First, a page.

Research Reveals Surprisingly Broad Impact of Shared Experience as It Relates to Trauma
Most people have heard the term vicarious trauma, relating to a concept that is often defined broadly in describing secondary trauma experienced by people who work with traumatized individuals. Yet many people who do not work within that population may nonetheless experience a disquieting sense of unease, anxiety, or even physical symptoms that do not appear to be directly tied to present life circumstances. But are they? And without any training or experience, how do we cope?
Various Forms of Vicarious Trauma
Dana C. Branson (from 2019) notes that vicarious trauma (VT) is often used to refer to the "unique, negative, and accumulative changes" that may impact clinicians engaged in empathetic client relationships.
Branson notes that within this context, characteristics and physical symptoms may include unwelcome thoughts or imagery induced by client disclosures, nightmares, absenteeism, social isolation, negative coping skills, hyperarousal to safety concerns, avoidance of physical intimacy, and many others.
Within some professions, vicarious trauma might be more pronounced, such as within the law enforcement or medical community, where employees are frequently exposed to human suffering.
Yet research reveals that vicarious trauma actually impacts a much broader community of individuals.
Sean Hallinan et al. (also from 2019), in a piece exploring vicarious trauma within organizations, adopts a working definition of vicarious trauma (VT) as "the exposure, by empathic connection, to the traumatic experiences of others."
They note that employees of agencies that provide first responder services, such as emergency services like fire and law enforcement, as well as victim assistance, have a high risk for vicarious trauma, which they acknowledge can lead to consequences such as substance use, suicidal ideation, and post-traumatic stress disorder (PTSD).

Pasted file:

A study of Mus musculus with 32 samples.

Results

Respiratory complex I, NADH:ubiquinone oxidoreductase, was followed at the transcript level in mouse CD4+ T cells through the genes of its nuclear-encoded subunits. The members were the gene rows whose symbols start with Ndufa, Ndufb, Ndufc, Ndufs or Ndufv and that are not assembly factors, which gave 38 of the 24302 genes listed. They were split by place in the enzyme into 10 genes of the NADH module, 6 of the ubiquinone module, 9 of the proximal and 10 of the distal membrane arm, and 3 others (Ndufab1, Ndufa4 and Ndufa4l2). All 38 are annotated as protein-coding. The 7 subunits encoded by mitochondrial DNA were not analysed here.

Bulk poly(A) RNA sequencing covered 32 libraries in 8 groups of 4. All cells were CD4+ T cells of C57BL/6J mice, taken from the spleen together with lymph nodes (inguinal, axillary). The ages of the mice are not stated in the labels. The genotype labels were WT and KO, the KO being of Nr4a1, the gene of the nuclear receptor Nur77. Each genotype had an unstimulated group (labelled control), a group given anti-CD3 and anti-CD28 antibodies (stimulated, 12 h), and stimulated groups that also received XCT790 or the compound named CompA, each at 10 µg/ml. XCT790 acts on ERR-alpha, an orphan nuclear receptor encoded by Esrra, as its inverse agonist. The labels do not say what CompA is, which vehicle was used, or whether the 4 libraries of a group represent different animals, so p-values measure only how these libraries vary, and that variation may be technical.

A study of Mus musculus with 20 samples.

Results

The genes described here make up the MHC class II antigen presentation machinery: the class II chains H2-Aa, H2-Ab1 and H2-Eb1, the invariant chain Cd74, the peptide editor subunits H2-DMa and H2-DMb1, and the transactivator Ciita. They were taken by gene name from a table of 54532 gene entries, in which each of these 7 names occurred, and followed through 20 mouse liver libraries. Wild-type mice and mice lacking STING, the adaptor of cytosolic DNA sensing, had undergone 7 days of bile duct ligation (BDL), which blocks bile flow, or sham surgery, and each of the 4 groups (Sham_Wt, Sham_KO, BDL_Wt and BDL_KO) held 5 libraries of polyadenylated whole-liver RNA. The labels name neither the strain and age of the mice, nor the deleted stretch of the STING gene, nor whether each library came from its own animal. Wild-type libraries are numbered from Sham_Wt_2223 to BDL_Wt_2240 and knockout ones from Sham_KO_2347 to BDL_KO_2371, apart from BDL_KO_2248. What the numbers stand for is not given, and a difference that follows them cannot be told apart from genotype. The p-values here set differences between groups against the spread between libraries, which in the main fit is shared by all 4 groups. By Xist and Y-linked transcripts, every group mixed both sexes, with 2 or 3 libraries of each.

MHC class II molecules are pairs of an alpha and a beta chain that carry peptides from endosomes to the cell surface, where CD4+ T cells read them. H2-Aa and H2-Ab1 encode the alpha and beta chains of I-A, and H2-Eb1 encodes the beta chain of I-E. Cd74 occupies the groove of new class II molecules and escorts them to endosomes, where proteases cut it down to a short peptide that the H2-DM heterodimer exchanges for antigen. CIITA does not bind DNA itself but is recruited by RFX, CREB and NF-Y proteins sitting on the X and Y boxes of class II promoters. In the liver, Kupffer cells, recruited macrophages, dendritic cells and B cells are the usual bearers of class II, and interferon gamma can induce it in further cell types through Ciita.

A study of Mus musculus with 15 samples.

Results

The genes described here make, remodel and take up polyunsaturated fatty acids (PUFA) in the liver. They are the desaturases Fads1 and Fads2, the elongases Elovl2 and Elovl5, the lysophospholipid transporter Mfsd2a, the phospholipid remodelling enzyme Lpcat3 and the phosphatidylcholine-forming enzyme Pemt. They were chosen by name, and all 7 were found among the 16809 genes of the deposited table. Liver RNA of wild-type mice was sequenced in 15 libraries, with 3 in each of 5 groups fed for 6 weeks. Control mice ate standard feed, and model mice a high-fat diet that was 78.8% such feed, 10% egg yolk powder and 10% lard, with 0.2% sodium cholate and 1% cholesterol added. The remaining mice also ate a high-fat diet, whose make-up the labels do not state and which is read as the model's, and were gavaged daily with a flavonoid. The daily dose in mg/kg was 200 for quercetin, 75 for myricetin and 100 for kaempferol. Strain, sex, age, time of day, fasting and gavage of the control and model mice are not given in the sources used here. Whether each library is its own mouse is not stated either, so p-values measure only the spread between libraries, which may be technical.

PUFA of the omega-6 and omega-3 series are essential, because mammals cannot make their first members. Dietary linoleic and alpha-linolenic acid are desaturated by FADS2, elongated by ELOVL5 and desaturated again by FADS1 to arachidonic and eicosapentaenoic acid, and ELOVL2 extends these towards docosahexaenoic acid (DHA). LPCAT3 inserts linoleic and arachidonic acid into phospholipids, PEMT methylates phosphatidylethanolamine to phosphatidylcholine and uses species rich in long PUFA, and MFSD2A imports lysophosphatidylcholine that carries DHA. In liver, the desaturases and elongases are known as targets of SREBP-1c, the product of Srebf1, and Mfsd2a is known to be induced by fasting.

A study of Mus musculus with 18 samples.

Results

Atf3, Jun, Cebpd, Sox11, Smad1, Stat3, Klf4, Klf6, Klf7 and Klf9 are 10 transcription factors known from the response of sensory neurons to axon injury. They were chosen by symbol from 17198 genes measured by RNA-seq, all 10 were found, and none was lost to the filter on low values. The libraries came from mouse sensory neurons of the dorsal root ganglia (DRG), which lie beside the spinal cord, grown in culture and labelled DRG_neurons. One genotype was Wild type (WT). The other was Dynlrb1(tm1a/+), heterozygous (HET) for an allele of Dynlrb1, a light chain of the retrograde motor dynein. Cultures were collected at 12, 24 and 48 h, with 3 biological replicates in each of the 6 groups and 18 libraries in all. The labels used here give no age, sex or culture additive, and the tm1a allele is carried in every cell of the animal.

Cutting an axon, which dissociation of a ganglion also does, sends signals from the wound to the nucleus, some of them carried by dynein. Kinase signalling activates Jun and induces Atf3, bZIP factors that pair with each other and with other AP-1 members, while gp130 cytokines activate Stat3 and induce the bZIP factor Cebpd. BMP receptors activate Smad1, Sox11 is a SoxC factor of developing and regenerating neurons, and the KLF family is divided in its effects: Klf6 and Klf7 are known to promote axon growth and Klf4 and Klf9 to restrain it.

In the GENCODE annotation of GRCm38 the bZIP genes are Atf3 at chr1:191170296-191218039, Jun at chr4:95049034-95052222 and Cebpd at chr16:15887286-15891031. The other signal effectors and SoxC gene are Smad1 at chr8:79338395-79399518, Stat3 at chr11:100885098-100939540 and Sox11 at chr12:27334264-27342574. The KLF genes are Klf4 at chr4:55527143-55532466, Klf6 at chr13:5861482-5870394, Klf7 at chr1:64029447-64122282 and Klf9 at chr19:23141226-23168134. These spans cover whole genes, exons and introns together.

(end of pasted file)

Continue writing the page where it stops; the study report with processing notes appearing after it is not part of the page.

In terms of statistics, Hallinan et al. note that among a sample of police officers, 98% reported exposure to a dead body, which was described as the most common type of event, followed by accidentally making a mistake that harms a bystander (97.7%). They note that these events were followed closely statistically by viewing an adult who had been badly beaten (95%), or a decaying corpse (91%).
They note that employees involved in rendering emergency medical services had similarly been exposed to death or serious bodily injury.
Yet one does not have to wear a badge, stethoscope, or fire hat to be exposed to situations that create vicarious trauma. The key, is learning how to cope.
Emotional Equipping and Support
Grace Maguire and Mitchell K. Byrne, in a study examining vicarious trauma in lawyers and mental health professionals (from 2017), note that exposure to traumatic events affects different professionals differently, according to the background and training within their field of discipline.
Of particular significance, they recognize that exposure to trauma may be better managed by mental health professionals, who may have had trauma-specific training, and who have access to informed peer support.
Even within the medical profession, there are differences in trauma readiness.
Zhenyu Li et al. (in 2020) studying Covid-19 related trauma, found front-line-nurses better equipped to handle trauma than non-front-line nurses, by virtue of their superior knowledge, training, and experience.
The bottom line is that vicarious trauma is more widespread among a broader field of occupations than some people realize, but it is also, at least to some extent and with proper training and peer support, both treatable and preventable.
This article was originally published in Psychology Today.
Wendy L. Patrick, JD, MDiv, PhD, is an award-winning career trial attorney and media commentator. She is host of "Live with Dr. Wendy" on KCBQ, and a daily guest on other media outlets, delivering a lively mix of flash, substance and style. Her over 4,500 media appearances include these major news outlets: CNN, Fox News Channel, HLN, FOX Business Network and weekly appearances on Newsmax. She is author of ''Red Flags'' (St. Martin´s Press), and co-author of The New York Times bestseller "Reading People" (Random House, revision). On a personal note, Dr. Patrick holds a purple belt in Shorin-Ryu karate, participates as a concert violinist with the La Jolla Symphony & Chorus, and plays the electric violin professionally with a rock band. Read Dr. Wendy L. Patrick's Reports — More Here.